Carla Fried

The virtuous cycle of rising stock market values is working its charms for the auto industry. Consumers eyeing higher 401(k) and brokerage statements seem to be in the mood to buy a car.

US Auto Sales Chart

After years of delayed spending on big-ticket items, the expectation is that auto sales growth is still in the early innings of the cyclical shift; sales growth is expected to keep rising through 2017.

And that’s just here. As with most everything these days, the real growth opportunity is from global markets, especially Asia. Polk estimates that car registrations in the Asia/Pacific region will rise 9% over the next two years. That in turn is expected to trigger expanded auto production. IHS Global Insights forecasts a 20% increase in light-vehicle production through 2016, with the bulk of that happening in emerging Asia economies and India.

Auto manufacturers – Ford (NYSE:F), General Motors (GM), Toyota (TM) -- are the obvious way to invest in this uptick. Another entry point is to focus on companies that sell parts to the major manufacturers. Rather than having to nail the winners among the auto manufacturers, investing in suppliers that serve all the major manufacturers gives you a more diversified way to invest in growing auto demand.

As explained in an earlier post, concentrated value fund Oakmark Select’s biggest stake is in TRW Automotive (TRW), and it was adding to that position in the fourth quarter. Using YChart Stock Screener to drill down into the Auto Parts industry (Under All Companies choose Sectors, then Consumer Cyclical, and then Auto Parts) turns up another global parts supplier positioned to serve the strong Asia demand.

Autoliv (ALV) is a leading global manufacturer of auto-safety systems including air bags and seat belts. Sales rose 4% in 2012. That needs some unpacking. Europe accounts for about one-third of sales -- down from 45% a decade ago -- and last year sales declined 7% there. Adjusting for currency changes the hit to sales was 14%. There’s no getting around the Euro drag that is expected to persist this year as well. But Asia, which accounts for another third of sales, is a powerful counterpoint. China sales increased 9.4% last year. Overall sales to Asian manufacturers now represent about 35% of sales, up from 20% a decade ago.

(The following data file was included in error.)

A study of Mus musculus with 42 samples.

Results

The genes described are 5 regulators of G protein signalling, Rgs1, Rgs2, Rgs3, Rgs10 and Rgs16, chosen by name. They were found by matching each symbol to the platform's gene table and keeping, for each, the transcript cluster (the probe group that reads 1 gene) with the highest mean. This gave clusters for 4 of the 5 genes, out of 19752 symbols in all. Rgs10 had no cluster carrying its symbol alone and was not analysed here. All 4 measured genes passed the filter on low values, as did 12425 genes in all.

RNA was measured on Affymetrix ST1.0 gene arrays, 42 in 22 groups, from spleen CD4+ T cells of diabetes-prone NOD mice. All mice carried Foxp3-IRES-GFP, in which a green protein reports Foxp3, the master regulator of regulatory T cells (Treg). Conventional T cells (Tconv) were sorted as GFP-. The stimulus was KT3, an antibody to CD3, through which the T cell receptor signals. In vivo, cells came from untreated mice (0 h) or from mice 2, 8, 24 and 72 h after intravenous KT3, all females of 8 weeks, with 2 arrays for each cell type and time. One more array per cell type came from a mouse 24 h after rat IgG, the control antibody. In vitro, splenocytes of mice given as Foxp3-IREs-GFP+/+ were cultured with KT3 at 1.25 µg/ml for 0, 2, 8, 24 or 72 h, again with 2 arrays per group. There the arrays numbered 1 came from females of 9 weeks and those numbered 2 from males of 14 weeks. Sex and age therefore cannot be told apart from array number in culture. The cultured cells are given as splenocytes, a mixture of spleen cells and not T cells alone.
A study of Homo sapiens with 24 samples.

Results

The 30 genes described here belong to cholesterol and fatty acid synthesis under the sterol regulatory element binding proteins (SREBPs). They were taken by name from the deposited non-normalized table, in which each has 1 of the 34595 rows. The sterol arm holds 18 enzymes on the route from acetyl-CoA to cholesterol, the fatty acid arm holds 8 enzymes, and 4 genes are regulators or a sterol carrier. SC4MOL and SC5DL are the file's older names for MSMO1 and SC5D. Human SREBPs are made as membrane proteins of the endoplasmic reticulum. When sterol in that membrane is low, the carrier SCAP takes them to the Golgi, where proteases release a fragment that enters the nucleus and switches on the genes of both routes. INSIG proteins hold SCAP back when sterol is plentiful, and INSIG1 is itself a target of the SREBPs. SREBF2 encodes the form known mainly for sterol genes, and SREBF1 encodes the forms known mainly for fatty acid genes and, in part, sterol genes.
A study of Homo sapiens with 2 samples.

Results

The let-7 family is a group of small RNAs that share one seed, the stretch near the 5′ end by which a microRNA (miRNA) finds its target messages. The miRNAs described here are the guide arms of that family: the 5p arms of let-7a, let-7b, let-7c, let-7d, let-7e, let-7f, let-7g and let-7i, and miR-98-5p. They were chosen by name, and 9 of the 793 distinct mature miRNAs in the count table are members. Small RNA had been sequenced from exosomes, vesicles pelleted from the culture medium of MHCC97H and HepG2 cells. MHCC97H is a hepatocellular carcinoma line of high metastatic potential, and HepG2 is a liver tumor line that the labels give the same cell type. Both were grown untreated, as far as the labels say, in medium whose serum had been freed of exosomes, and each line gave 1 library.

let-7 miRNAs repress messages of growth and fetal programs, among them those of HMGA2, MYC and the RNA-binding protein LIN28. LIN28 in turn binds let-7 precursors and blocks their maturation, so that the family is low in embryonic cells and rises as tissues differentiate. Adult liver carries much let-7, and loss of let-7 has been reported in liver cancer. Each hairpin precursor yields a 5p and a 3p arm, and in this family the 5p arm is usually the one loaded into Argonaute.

Autoliv isn’t expecting that expansion to stall out. It forecasts sales into its growth markets (China, India, Thailand, Indonesia) will rise more than 11% a year through 2015. A boost in car production is the main catalyst, but so too is the fact that cars manufactured in emerging economies currently tend to spend less per car on safety features. That spending is expected to increase as those markets (and the disposable incomes of its consumers) expands.

From a valuation standpoint, Autoliv’s 12.7 forward PE ratio sits below the 14 PE for the S&P 500. Still, TRW is the clearer pure-value play with a forward PE of less than 10. For income seekers though, TRW Automotive doesn’t pay out a dividend. Autoliv has a current 2.8% dividend yield.

Granted, as the chart below shows, in the highly cyclical auto industry, maintaining dividend growth is not exactly easy.

ALV Dividend Chart

Still, a current payout ratio below 40% amid a global pickup in auto manufacturing suggests Autoliv will not have to put the brakes on http://ycharts.com/analysis/story/ten_leading_dividendgrowth_stocks_we_screen_the_aristocrats over the next few years.

Carla Fried, a senior contributing editor at ycharts.com, has covered investing for more than 25 years. Her work appears in The New York Times, Bloomberg.com and Money Magazine. She can be reached at editor@ycharts.com.